Rice shares grant for AI-driven COVID-19 research

Computer scientist Todd Treangen to help determine how virus evolves

By Heather Ferreyra
Special to the Rice News

Brown School of Engineering computer scientist Todd Treangen has received a C3.ai Digital Transformation Institute Award for computational biology research applying artificial intelligence (AI) models to COVID-19 mitigation.

Todd Treangen

Todd Treangen

Treangen is developing novel bioinformatics algorithms and driving comparative genomic analyses to determine how SARS-CoV-2 is changing over time.

C3.ai is a research consortium of universities and technology companies funding scientists in a coordinated effort to curb current and future pandemics. After a rigorous peer review process of more than 200 proposals from the world’s leading scientists, 26 projects were awarded more than $5.4 million in cash. The recipients included multidisciplinary and multi-institution projects taking a novel approach to their research. Scientists will also be given access to massive sets of unified coronavirus data and cloud, software and supercomputing resources from the National Center for Supercomputing Applications (NCSA).

Treangen’s accepted proposal, titled “Mining Diagnostic Sequences for SARS-CoV-2 Using Variation-Aware, Graph-Based Machine Learning Approaches Applied to SARS-CoV-1, SARS-CoV-2, and MERS Datasets,” is a collaboration with researchers from the University of Illinois at Urbana-Champaign. They include Nancy Amato, computer science department head and professor of engineering, as well as Lawrence Rauchwerger, a professor of computer science. The $225,000 award is to be used over a 12-month period. Rice will receive $75,000 of that money.

Treangen’s research will focus on studying viral mutations within a single patient to see what they reveal.

“When a person is infected with a virion, infected cells are coerced into allowing the virus to rapidly begin copying itself within the host,” he said. “A single infected cell can produce several hundred thousand copies of itself. From there, SARS-CoV-2 population is established containing a vast number of SARS-CoV-2 infected cells.”

The higher the population of cells, the higher the host’s viral load, Treangen said. Furthermore, as these cells replicate, they also can mutate. “We want to understand what’s going on behind the scenes within a single COVID-19 positive patient,” he said.

To that end, his research approach will be unique because it focuses on the entire population of SARS-CoV-2 viruses rather than just what’s known as the “consensus genome” that can be thought of as an amalgamation of all of the SARS-CoV-2 copies within a single person. Treangen describes this as “an underexplored avenue for what might be driving biological differences of COVID-19 across different hosts.”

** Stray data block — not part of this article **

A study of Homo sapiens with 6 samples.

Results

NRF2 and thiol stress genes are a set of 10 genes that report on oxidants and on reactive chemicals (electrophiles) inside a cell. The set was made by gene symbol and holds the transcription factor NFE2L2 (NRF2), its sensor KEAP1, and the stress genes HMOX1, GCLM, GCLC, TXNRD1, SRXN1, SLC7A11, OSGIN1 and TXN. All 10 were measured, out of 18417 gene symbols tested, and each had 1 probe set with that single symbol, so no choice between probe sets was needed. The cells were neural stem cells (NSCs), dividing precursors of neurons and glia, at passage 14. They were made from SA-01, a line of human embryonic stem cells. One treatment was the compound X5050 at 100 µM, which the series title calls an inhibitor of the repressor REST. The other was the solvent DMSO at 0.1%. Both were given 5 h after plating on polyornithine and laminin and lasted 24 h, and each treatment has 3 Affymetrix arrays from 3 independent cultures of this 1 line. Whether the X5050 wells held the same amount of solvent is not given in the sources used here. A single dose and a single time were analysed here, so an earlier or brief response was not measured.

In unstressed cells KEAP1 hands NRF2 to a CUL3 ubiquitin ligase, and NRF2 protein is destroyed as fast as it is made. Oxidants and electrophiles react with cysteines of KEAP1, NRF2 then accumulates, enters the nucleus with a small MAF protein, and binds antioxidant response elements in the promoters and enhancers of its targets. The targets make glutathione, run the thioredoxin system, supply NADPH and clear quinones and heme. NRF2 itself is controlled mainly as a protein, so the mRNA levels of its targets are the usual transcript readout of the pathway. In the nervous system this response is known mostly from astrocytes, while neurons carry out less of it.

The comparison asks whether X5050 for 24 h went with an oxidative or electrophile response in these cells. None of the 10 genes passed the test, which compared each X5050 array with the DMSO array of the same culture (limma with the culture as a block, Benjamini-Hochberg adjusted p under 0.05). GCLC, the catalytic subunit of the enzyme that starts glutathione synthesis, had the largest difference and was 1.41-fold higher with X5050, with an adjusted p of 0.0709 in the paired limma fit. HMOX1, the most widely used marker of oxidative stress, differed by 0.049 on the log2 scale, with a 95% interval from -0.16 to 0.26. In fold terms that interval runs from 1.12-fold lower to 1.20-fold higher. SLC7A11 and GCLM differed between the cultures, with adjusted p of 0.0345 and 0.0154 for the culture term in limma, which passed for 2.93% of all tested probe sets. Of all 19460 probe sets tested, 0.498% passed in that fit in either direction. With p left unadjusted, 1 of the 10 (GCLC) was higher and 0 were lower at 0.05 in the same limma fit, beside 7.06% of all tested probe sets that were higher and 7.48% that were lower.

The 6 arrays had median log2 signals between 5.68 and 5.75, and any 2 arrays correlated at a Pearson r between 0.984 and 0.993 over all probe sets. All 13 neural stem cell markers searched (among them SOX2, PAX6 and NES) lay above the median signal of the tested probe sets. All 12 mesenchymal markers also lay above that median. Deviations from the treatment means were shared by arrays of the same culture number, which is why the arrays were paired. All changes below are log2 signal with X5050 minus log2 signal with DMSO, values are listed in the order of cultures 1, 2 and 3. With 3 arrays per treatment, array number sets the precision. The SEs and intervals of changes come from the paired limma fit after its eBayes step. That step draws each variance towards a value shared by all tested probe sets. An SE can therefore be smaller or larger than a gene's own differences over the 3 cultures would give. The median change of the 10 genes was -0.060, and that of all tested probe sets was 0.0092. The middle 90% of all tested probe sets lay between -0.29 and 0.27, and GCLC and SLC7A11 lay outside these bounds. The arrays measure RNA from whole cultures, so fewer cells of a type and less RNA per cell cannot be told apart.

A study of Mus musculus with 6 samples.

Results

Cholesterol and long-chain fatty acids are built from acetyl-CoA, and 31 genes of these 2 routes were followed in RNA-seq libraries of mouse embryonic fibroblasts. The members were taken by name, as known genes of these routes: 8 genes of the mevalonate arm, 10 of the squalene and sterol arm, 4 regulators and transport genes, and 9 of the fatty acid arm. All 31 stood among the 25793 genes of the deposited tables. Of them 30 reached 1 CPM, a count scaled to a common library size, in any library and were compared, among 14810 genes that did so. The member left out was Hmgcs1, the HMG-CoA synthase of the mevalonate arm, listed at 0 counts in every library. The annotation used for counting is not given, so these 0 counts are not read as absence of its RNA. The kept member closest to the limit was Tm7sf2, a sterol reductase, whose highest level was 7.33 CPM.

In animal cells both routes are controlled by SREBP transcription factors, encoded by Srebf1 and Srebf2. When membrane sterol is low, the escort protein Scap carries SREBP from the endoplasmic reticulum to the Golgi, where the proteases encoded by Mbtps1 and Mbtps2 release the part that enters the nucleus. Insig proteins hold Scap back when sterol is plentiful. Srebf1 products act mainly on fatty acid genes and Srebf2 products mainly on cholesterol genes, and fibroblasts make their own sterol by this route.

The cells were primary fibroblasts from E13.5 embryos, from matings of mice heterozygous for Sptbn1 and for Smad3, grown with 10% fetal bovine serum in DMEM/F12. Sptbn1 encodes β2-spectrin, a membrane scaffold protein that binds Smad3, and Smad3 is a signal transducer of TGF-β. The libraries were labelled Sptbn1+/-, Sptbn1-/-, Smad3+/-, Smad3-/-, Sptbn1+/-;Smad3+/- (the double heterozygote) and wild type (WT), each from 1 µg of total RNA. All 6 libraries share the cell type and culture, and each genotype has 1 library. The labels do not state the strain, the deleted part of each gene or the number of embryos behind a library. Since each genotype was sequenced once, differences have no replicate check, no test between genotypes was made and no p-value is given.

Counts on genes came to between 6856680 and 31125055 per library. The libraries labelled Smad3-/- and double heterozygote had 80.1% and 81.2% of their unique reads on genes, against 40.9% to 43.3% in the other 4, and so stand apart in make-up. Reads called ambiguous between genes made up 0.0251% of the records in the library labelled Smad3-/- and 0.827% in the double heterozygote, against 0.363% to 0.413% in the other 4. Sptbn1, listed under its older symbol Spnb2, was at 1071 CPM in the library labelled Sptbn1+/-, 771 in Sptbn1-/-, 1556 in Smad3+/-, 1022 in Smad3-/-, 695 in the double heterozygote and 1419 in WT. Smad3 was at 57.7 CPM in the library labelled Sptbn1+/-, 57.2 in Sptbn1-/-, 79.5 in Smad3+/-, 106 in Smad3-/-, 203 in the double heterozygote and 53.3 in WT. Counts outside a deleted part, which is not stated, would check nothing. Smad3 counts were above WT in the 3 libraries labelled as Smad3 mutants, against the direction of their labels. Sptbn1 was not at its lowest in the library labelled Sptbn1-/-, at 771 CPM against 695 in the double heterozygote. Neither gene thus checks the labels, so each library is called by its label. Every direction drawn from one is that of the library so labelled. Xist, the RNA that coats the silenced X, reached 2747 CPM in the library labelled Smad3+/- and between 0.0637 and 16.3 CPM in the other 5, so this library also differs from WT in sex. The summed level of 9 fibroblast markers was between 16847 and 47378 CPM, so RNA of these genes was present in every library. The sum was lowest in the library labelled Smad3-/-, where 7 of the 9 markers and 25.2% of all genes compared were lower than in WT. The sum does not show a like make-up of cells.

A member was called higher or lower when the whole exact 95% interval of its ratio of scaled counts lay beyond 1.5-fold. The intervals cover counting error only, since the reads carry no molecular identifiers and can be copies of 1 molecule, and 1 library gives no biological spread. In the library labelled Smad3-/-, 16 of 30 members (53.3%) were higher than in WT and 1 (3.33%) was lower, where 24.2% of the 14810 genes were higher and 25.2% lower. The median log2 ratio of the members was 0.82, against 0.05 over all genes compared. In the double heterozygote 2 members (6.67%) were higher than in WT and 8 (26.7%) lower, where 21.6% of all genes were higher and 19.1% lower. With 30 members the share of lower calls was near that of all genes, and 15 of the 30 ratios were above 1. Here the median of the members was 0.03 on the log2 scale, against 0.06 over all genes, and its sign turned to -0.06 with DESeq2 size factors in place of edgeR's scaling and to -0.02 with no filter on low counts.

Treangen wants to know what combination of host and viral factors drive the biology behind COVID-19. After exploring the intrahost comparative genomic analyses of SARS-CoV-2, he and his team will then compare findings to and conduct the same analyses on SARS-CoV-1 and MERS-CoV to determine how they differ.

While viruses change over time, most COVID-19 testing relies on exact matches of common signatures of SARS-CoV-2 for detection. Unfortunately, patients sometimes get false negative results when those tests don’t exactly match the regions targeted by tests due to changes in SARS-CoV-2. If two patients share unique genome mutations, that new information could determine whether they had direct transmission and help track and prevent additional spread. Research to expand the basic understanding of the virus’ biology could address high false negative rates, improve testing and potentially have an impact on the development of vaccines.

One of the computational challenges of the project, according to Treangen, is the vast amount of data involved. In March, there were only a few hundred SARS-CoV-2 genomes, but soon, there will be over 100,000 genomes and sequencing datasets to investigate. His research team is looking to combine machine learning with novel bioinformatic methods that scale up to the vast number of incoming SARS-CoV-2 genomes and provide efficient intrahost and interhost comparisons. These tools will allow researchers to do a deep dive into the intrahost population and track interhost transmission.

Given the urgency of the pandemic, all results, science and findings from C3.ai-awarded projects will be open-source. That way, other scientists can also build upon the Treangen team’s discoveries.

Ferreyra is the publicist and marketing specialist in Rice’s Department of Computer Science.